A Daredevil, High Altitude Balloon, and NASA - StratoStar
217
post-template-default,single,single-post,postid-217,single-format-standard,ajax_fade,page_not_loaded,,qode_grid_1300,qode-content-sidebar-responsive,qode-child-theme-ver-1.0.0,qode-theme-ver-13.1.2,qode-theme-bridge,wpb-js-composer js-comp-ver-5.4.5,vc_responsive
 

A Daredevil, High Altitude Balloon, and NASA

A Daredevil, High Altitude Balloon, and NASA

There’s real and useful science behind high altitude balloons. From weather research to the development of NASA’s human space program, the technology that StratoStar makes available to Educators on the front lines of research methodology, education pedegogy and has been used by notable scientists and institutions.

High Altitude Balloon and Air Force Daredevil

A very noteworthy use of high altitude balloons was Project Excelsior, a late 1950s effort to develop safe space/flight suits for high altitude aircraft crews (Lockheed U-2 Spy Plane). Testing found that test dummies ejected from high altitudes would spin at nearly 200 RPMs, which would be fatal and could rip a body apart during freefall. Joe_kittinger NASA BlogJoseph Kittinger, an Air Force captain, was selected to conduct multiple jumps and experiments in manned near space balloons, helping develop a working solution to these issues.

In order to fully test the suits, they used a high altitude balloon that was 200 feet high with a capacity of almost 3 million cubic feet. It was used to lift a gondola that carried Kittinger into near space.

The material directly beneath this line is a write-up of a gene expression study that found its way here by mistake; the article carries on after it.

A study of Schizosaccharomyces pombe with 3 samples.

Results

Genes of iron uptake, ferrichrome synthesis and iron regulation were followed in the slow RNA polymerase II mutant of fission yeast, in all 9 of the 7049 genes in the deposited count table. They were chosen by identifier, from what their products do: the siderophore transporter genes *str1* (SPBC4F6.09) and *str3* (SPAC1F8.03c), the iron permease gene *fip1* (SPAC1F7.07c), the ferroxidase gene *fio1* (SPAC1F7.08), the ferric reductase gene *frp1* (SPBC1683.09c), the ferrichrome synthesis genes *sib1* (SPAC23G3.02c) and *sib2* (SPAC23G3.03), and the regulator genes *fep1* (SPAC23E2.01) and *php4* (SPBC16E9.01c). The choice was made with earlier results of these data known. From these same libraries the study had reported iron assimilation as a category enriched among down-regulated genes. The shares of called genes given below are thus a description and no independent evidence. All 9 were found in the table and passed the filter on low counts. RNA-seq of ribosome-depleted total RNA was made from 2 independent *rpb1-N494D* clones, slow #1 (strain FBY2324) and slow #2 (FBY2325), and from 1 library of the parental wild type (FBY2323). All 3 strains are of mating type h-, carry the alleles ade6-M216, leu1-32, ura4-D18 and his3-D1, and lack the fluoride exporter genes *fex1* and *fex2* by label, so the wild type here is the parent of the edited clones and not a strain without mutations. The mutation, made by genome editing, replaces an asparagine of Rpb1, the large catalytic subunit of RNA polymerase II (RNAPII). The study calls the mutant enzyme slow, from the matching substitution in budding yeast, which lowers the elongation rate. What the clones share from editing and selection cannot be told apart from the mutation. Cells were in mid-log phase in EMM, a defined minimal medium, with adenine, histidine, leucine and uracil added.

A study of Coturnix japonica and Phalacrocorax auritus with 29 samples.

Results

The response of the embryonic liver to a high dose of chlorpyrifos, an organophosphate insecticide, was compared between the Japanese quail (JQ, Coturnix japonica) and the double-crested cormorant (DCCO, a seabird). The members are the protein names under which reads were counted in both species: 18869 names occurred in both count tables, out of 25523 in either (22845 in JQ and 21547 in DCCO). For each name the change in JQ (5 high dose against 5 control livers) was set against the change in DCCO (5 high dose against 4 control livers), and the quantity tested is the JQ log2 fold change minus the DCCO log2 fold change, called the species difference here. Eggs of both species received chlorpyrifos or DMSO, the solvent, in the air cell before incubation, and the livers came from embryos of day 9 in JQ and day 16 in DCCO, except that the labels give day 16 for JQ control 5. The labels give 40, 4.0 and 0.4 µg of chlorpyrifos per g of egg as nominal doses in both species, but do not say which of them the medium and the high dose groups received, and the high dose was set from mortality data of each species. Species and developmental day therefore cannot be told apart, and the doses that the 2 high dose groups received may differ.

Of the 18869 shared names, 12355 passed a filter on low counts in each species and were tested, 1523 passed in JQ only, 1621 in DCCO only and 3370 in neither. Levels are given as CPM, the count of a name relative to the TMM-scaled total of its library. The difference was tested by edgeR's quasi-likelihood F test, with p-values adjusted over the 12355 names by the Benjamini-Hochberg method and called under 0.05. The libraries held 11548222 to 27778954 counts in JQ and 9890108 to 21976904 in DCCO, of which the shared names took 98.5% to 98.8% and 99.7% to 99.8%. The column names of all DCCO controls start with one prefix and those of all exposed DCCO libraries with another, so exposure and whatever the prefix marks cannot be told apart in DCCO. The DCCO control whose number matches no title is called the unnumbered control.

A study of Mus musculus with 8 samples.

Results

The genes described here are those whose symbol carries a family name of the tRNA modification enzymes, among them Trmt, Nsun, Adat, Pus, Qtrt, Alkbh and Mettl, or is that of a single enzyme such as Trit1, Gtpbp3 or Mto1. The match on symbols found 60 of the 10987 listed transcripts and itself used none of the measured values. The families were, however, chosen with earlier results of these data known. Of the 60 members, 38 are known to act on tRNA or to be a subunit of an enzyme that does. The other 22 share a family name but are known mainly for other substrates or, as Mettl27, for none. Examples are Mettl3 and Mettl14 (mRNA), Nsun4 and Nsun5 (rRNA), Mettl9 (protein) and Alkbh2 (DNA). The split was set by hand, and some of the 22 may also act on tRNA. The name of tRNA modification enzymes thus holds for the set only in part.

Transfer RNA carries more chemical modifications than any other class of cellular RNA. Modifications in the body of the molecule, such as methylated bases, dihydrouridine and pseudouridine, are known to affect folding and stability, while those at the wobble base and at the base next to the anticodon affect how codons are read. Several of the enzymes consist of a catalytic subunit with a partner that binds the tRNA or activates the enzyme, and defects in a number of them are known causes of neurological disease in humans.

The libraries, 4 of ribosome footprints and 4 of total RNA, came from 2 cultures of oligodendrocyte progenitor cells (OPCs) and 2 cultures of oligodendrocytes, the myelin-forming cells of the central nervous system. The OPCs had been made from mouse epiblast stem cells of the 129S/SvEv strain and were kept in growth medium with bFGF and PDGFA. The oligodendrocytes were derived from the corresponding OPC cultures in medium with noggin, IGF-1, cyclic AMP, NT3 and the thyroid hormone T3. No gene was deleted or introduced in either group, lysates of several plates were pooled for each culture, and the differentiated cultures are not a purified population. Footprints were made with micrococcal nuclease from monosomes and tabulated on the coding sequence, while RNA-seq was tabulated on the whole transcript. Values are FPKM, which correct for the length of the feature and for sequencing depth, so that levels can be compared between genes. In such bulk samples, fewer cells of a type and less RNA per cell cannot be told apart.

Kittinger’s first jump (in November 1959) from 76,400 feet nearly ended in tragedy when a stabilizer parachute deployed too quickly. While in his suit, he began to spin at 120 RPMs and lost consciousness, but his main parachute automatically deployed at 10,000 feet, saving his life. Not one to be deterred, Kittinger made another jump three weeks later. This one was from 74,700 feet and was successful, which earned him the A. Leo Stevens Parachute Medal.

Problems were not over for Kittinger, however. His final Project Excelsior jump was from 102,800 feet. Pressurization in his right glove malfunctioned, causing his right hand to swell to twice its normal size. Kittinger fell for a total of four minutes and thirty-six seconds and reached a maximum speed of 614 miles per hour.

The risks and sacrifices made by brave men like Kittinger helped contribute to the numerous successes of NASA and countless scientific advances. NASA would eventually go on to use Kittinger’s research to perfect their own environmental suits and systems to keep their astronauts safe beyond Earth’s atmosphere. Below you can watch a short video on Joe’s expirence with Project Excelsior.